Terry Sim, October 23, 2019

International processor Giovanni Schneider with his daughters.

AUSTRALIA’S wool bodies should focus on marketing the environmental and ethical sustainability of wool and promote non-mulesing among growers, according to international processor Giovanni Schneider.

Mr Schneider believes price premiums for non-mulesed wool will increase and growers who mules their sheep might have to sell their wool at “big discounts”.

After the Schneider Group recently announced that clothing brand pressure meant it would be unable to accept wool from mulesed sheep into its Authentico integrity scheme, Mr Schneider outlined his views on the impact of animal welfare issues on wool marketing.

Although he recognises the welfare benefits of mulesing with pre and post-operatively applied pain relief in Australia, Mr Schneider believes continuing to defend mulesing to consumers is not a sustainable marketing strategy.

“No, this is definitely not a marketing strategy.

“But we know that unfortunately not every wool grower has the possibility to transition to non-mulesing.”

So as well as focusing on the environmental and ethical sustainability of wool and promoting non-mulesing, Mr Schneider believes the Australian wool industry should engage in constructive dialogue with the “less radical” organisations to convince them that pre and post-operatively applied pain relief is an acceptable alternative for those growers who have no other solution.

“There is no point in fighting against animal welfare organisations: we should lay down the arms and begin a constructive dialogue with them.”

Mr Schneider said in a world dominated by social media, where people are bombarded with superficial information, “the image of a bleeding lamb is worth much more than a thousand scientific research studies”.

“Australia has been very firm in stating that mulesing was sometimes a necessary procedure, but in the meantime other countries reacted differently, offering an alternative to Australian wool.

“I am not stating there will no longer be any demand for mulesed wool,” he said.

“To be very frank, most people don’t even know what mulesing is, but global brands have to protect their image and don’t want to be exposed to any sort of negative publicity.”

Mr Schneider said the fashion industry is continuously consolidating, meaning brands that were once independent must now adapt to group policies, in terms of animal welfare.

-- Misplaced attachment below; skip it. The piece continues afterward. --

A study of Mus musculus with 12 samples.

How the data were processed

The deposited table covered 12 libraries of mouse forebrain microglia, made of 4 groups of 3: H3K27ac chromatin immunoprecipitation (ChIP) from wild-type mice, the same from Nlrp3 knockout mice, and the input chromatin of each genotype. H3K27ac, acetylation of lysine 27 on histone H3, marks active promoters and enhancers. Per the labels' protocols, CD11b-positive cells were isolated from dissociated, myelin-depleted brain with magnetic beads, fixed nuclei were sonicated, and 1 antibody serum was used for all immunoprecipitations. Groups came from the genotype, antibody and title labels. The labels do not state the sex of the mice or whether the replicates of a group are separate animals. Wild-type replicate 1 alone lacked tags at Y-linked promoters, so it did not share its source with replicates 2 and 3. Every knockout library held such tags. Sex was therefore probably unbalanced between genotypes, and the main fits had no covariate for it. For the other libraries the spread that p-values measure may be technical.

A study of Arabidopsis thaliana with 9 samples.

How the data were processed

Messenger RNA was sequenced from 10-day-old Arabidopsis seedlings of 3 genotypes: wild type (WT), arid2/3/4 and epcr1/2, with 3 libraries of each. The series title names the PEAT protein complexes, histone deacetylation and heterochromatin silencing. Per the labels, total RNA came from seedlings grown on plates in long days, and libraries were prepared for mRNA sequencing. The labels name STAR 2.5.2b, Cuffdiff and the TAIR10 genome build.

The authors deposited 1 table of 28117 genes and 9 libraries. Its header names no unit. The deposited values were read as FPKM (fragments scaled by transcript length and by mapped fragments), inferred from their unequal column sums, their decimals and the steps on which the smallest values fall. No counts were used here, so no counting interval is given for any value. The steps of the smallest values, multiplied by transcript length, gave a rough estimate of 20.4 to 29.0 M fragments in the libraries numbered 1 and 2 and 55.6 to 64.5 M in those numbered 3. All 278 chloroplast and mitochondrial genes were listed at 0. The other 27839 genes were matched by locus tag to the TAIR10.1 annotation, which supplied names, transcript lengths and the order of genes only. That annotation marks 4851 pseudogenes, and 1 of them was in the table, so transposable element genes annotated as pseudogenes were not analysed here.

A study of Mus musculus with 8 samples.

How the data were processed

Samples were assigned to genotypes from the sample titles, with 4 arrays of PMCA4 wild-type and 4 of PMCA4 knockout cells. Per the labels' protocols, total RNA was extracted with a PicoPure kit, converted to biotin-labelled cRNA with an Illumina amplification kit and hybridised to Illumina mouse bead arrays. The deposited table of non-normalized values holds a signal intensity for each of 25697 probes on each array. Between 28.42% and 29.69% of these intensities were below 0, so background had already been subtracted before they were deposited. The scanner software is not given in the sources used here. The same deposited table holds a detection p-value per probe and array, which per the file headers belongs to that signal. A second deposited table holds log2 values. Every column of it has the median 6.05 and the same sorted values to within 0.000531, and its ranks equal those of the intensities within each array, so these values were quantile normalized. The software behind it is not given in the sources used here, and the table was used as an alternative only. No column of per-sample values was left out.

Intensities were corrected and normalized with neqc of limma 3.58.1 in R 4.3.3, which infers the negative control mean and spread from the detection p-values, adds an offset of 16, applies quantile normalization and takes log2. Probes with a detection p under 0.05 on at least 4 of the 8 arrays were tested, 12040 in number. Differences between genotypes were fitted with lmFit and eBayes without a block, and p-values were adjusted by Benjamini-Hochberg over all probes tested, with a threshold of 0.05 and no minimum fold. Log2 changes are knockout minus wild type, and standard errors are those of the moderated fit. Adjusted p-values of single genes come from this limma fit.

“So in other words, there will always be a market for mulesed wool, but this market is shrinking every day and in the long run, growers who mules will have to sell their wool at big discounts.

“Already today, the price difference between mulesed and non-mulesed wools is in some cases well over A100 cents a kilogram and I expect this number to increase in the future.”

Mulesing pain relief reduces tail docking and castration pain

Mr Schneider personally believes that the combination of pre and post-operatively applied pain relief when mulesing is far better than non-mulesing, as it reduces the pain coming from tail docking and castration.

“We’ve tried to promote these good practices through Authentico and I have personally visited many brands together with my clients to explain the concept.

“The brands themselves understand it, but they can’t be vulnerable to animal welfare organisations,” he said.

“So, I want to encourage the Australian growers and their representative to discuss openly with the less radical organisations and especially with Textile Exchange, who is today considered the best practice when it comes to animal welfare.

“If they manage to convince these organisations, there might be a chance to defend the use of a combination of pre and post-operatively applied pain relief during surgical procedures,” he said.

“My promise is that I will personally continue to promote pre and post-operatively applied pain relief as best practice, but so far my efforts have been useless.

“I couldn’t find a single retailer willing to pay a premium for this kind of wools.”

Mr Schneider said wool has many great characteristics which make it the most environmentally-friendly fibre in the world together with linen.

“Personally I’ve launched a campaign to create awareness over micro plastics pollution coming from synthetic fibres and over 100,000 people in Italy have signed it.

“Wool is also very sustainable in terms of the creation of jobs,” he said.

“You need hundreds of thousands of people to grow and to spin all of Australian’s wool.

“You need just a single oil well, a portion of a refinery and just a few thousand people to produce a similar quantity of polyester,” Mr Schneider said.

“These are the positive messages the wool industry has to deliver, very strongly, all together.”

On the importance of Australian industry leadership respect for wool’s customers, Mr Schneider quoted Bill Gates: “Your most unhappy customers are your greatest source of learning.”

Mr Schneider did not wish to comment on the current AWI director election, but hoped that more than the 37pc of eligible or registered levy payers who voted in the 2017 poll would participate this year.